IRIS/IRIS++ | Game Development Programming Language




IRIS Game Demo 1 IRIS Game Demo 2 IRIS Game Demo 3


IRIS/IRIS++ (IRIS Real-time Interpreting Script) is a scripting language developed for programming interactive applications, such as games. To design a simple, non-redundant, yet robust application, a good system architecture is required - A system that can handle design change requests with ease. A good architecture can reduce development cost, simplify the designing process and deliver the product on time. To fulfill the goals, IRIS provides:



Simple Instruction Sets

IRIS is made up of simple instruction sets that looks similar to the assembler language (Inspired from the old PDP-8). There are 256 registers (Think of it as a variable storage for now) provided for programmers to work with, and instructions to manipulate with those data. The simplicity of the instruction sets allows programmers to learn the language in a short time. Take a look at the following sample script:


// Use register 0
REG $0
// Add 5 to register 0
ATR 5
// Add 7 to register 1
REG $1
ATR 7
// Sum up the register values together and store it in register 2
REG $2
ATR $0
SUM $1
// Add the results into the output buffer
ATB $2
// Print out the value of the output buffer on screen (12)
PTB

As you can see, the instruction and parameters are separated by spaces. Registers are represented by the $ sign followed by the register number. For the list of instruction sets, see Instruction Sets in the Language Specifications.

Also, the IRIS compiler can be set to replace the instructions with your own instruction sets during compilation, which allows you to come up with a completely new programming language. See IRIS++ for more information.


Fast Interpretation and Minimum Memory Usage

IRIS is designed to utilize a small amount of memory space. The script as shown above, will be compiled to a byte-code (binary code made up of single bytes) by the IRIS compiler. Then, the binary code is interpreted by the Virtual Machine, which is more than approximately 100 times faster than interpreting a plain text. This is especially effective for application that uses slow CPU and limited amount of memory (i.e. mobile devices).


High Portability

Once the script is written, it can be executed on many platforms (PC, mobile devices, etc) without modifying the script. The only thing that needs to be modified is the underlaying application engine that executes the script. This is same as other programming languages that uses virtual machines (i.e. JAVA). Therefore, the flow and UI of the application does not need to be re-written for each target platform every time. For a portability example, see Virtual Machine On PHP.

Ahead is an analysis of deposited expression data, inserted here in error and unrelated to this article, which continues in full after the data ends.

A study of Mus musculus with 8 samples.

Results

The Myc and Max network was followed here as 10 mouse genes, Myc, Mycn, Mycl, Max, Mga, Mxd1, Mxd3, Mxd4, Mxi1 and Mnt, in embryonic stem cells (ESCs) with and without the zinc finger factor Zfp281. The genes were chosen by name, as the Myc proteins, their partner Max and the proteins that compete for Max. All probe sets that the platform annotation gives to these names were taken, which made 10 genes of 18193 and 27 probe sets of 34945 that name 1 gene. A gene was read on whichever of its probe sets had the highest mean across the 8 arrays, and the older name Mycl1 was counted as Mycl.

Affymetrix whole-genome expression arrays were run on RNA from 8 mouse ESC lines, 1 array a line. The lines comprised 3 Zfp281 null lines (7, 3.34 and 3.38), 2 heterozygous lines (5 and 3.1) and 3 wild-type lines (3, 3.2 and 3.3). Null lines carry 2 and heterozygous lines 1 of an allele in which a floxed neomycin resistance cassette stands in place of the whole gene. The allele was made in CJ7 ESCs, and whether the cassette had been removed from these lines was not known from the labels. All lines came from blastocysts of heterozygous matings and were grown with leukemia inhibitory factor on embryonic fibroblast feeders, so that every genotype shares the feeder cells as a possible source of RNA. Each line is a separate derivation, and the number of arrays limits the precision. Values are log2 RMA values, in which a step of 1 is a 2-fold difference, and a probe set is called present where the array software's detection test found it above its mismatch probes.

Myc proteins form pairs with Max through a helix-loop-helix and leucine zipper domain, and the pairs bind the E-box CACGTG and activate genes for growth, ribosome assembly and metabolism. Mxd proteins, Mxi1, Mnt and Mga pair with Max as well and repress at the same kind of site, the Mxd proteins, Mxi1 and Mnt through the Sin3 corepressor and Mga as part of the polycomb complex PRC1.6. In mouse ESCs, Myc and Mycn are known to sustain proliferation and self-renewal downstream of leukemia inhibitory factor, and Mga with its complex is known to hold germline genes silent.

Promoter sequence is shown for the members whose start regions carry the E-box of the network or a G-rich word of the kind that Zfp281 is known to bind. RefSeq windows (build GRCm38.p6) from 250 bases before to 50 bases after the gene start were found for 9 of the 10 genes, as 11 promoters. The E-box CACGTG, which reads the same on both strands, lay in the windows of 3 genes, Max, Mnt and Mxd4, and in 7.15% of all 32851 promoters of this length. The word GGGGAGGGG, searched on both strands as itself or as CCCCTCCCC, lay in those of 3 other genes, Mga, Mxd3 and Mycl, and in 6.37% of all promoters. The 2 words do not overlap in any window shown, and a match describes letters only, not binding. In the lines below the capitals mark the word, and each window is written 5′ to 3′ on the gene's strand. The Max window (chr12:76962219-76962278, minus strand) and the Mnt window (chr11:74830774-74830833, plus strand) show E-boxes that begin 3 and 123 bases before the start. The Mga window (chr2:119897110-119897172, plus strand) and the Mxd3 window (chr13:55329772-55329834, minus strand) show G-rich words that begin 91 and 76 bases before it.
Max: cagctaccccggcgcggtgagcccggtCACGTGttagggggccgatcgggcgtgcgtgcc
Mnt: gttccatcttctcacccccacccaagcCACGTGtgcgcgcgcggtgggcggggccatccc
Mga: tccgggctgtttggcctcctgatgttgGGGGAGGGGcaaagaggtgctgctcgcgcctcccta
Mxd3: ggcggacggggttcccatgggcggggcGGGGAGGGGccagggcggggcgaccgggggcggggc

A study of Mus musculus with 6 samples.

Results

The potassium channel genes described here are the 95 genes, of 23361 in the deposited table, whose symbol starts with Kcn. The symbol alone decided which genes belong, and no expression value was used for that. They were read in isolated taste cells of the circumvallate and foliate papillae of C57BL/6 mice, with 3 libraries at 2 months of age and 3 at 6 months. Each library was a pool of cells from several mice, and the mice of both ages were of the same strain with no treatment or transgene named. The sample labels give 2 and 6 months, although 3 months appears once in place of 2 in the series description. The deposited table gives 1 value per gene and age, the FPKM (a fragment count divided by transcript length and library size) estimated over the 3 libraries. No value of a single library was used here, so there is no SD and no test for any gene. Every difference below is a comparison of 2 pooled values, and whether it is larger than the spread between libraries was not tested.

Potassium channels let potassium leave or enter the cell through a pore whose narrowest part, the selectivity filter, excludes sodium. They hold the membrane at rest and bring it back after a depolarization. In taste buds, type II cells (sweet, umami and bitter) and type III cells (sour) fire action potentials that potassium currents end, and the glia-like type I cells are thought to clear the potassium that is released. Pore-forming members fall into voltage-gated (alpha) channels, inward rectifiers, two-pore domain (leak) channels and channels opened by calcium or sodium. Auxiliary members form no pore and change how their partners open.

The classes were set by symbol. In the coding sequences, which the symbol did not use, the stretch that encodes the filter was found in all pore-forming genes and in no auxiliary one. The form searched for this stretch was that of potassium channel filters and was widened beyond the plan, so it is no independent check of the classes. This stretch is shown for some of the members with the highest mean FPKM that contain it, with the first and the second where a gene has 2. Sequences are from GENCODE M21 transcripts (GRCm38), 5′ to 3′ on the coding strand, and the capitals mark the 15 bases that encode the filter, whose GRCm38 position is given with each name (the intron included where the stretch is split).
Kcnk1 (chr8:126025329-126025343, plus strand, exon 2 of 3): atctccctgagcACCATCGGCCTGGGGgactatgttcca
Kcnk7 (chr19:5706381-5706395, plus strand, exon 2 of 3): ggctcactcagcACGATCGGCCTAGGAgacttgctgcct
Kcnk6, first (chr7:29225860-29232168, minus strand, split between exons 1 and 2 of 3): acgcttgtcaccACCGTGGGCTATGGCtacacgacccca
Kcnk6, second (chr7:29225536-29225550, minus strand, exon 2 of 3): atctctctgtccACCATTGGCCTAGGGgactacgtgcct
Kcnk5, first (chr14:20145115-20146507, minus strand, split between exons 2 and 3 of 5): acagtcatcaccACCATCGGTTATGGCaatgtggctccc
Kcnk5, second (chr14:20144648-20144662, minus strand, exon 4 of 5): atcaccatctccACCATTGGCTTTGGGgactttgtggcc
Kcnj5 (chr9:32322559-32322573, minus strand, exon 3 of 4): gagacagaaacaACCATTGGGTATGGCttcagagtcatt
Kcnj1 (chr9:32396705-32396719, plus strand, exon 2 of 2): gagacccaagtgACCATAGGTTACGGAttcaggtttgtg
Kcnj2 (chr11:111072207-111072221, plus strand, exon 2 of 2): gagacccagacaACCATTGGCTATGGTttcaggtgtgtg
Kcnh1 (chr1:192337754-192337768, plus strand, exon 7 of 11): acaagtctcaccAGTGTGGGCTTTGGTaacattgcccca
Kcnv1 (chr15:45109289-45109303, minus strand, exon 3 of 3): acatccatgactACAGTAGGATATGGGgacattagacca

High Extensibility

IRIS provides instruction sets to manipulate with data, but has limited usage by it self. For instance, the PTX instruction prints out text to the console, but you cannot specify positions or change the font appearances. What you need to do is extend IRIS with instruction sets that cover these limitations. Since IRIS is designed in an object-oriented way, this can be implemented easily by making a child class of IRIS. Take a look at the following example:


// Add string "Hello, World!" to register 0
REG $0
ATR "Hello, World!\n"
// Print text in register 0 on screen with position coordinates x=100, y=200
_gameEngine._screen._blit._x.set 100
_gameEngine._screen._blit._y.set 200
_gameEngine._screen.print $0

_gameEngine is an object representing the instance of the game engine's class. Objects are normally represented by user-defined instruction sets (or commands) that inherits IRIS. print is a command of the gameEngine's screen object that prints a text on screen with the coordinates specified in the screen's blit object. As you can see, IRIS provides basic instruction sets to control the program (or event) flow. To make use of it, programmers can simply extend the language to implement the remaining functionality of the application. See Extended Features for IRIS/IRIS++ extensions.


Easy Implementation

Coding the virtual machine (that executes the script) is very easy too. Since IRIS only has few instruction sets, there needs to be few coding done. As the original program is coded in C++, it can be ported to other OOP languages easily. This means, IRIS can be ported to many other different operating systems with ease. For an implementation example, see Virtual Machine On PHP.


Application Layer Abstraction

Provides a layer between the application engine and data. Defining literal data inside the program it self is not regarded as a good practice in programming. Consider the following example:


// Example 1
void main() {
  // Set application title
  setAppTitle("MyApplication");
}

// Example 2
void main() {
  // Read application title data from external file
  String appTitle = readData();
  // Set application title
  setAppTitle(appTitle);
}

The latter is a bit more complicated, but is more flexible to changes. For instance, say you wanted to change the application title to something like "MyApp2". In example 1, you will need to make modifications in the actual method to the desired string and then go though the trouble of compiling the whole application. However, in example 2, you will only need to change the string in the external file without compiling any program. This will not only save time for compilation, but will reduce the probability of creating bugs in your application.

In case of IRIS, if you want any of the logic or appearances to be modified, you only need to modify the script.